A Journal on Applied Physiology, Biomechanics, Preventive Medicine,
Sports Medicine and Traumatology, Sports Psychology
Indexed/Abstracted in: Chemical Abstracts, CINAHL, Current Contents/Clinical Medicine, EMBASE, PubMed/MEDLINE, Science Citation Index Expanded (SciSearch), Scopus
Impact Factor 1,111
The Journal of Sports Medicine and Physical Fitness 2000 December;40(4):362-72
Differences in psychosocial determinants of physical activity in older adults participating in organised versus non-organised activities
Deforche B., De Bourdeaudhuij I.
Department of Movement and Sport Sciences, University of Ghent, Belgium
Background. With the introduction of the new consensus on 30 minutes of moderate physical activity preferably on all days of the week, exercise implemented into daily activities is promoted whereas structured activity programs lose importance. Activity levels of most older people don’t come up with current recommendations. Therefore strategies to enhance attendance of older adults in physical activities should be developed. Group programs may be more effective in changing exercise behaviour of older adults than non-supervised physical activity. The purpose of this study was to investigate the differences in level of activity and psychosocial determinants of physical activity between seniors involved in an exercise class and seniors not engaged in any organised physical activity.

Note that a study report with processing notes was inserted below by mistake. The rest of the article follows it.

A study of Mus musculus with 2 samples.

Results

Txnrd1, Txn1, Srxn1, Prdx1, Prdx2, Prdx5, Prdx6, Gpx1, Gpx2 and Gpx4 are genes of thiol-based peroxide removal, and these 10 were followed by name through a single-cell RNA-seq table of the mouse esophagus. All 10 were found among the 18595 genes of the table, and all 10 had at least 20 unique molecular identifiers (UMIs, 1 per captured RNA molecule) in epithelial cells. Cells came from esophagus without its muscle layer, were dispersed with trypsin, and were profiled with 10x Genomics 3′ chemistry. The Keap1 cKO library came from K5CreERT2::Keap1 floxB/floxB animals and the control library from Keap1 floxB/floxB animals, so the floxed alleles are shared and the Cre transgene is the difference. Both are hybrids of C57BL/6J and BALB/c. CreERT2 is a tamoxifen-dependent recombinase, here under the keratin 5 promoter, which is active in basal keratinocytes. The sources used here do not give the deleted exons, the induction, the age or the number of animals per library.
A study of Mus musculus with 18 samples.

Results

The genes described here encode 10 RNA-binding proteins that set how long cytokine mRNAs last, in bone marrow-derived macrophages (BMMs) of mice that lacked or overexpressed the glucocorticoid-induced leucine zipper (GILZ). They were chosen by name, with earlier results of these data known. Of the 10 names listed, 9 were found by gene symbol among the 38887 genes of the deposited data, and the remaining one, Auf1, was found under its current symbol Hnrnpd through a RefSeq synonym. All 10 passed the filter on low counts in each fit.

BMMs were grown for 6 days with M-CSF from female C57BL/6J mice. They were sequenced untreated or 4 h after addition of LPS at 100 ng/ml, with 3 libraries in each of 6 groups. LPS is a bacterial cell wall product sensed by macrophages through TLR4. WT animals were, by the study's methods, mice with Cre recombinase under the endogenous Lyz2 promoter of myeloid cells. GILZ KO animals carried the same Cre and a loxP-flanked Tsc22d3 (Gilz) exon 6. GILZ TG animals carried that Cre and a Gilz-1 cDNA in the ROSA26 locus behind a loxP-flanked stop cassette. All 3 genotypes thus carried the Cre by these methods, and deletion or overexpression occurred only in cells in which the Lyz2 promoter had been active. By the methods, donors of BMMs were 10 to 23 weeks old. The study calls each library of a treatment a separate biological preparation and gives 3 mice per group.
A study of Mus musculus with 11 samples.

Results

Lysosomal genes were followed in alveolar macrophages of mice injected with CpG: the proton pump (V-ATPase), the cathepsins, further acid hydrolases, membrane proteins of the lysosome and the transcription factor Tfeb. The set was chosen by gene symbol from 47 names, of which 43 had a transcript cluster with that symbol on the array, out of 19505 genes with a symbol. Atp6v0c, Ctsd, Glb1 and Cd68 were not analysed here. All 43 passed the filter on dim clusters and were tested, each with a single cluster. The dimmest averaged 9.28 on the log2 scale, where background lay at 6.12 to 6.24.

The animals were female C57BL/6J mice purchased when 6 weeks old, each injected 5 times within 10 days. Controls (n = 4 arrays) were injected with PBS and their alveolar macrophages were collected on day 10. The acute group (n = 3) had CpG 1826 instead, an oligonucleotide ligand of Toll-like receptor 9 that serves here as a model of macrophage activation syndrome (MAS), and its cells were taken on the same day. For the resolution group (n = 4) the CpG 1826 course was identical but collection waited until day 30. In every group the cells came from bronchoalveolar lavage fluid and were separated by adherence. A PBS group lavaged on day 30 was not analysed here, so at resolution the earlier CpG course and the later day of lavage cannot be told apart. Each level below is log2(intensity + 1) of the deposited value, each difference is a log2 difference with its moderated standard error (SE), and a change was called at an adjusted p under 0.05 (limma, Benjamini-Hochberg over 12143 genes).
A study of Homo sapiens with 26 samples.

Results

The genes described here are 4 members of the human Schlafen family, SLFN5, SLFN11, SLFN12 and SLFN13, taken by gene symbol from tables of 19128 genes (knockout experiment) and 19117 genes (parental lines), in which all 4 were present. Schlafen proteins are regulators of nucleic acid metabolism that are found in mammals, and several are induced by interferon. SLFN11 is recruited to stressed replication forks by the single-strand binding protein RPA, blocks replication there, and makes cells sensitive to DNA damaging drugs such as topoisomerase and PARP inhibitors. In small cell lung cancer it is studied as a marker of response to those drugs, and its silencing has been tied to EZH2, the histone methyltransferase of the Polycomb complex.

Methods. Seventy-five elderly who were currently involved in structured exercise classes and 75 elderly who did not participate in any organised physical activity during the previous year were recruited in senior citizens’ centres and were asked to fill out a questionnaire.
Results. Subjects involved in an exercise program had higher levels of activity and reported more social influences and higher self-efficacy compared to the respondents practising on an individual basis. No differences were found in perceived barriers or benefits.
Conclusions. Exercising in a group program gives the opportunity to accumulate some extra physical activity and positively affects the level of activity outside the program. Stimulating older adults to join a structured activity program in the company of family or friends in order to enhance supporting social influences and perceived competence could be an important intervention strategy.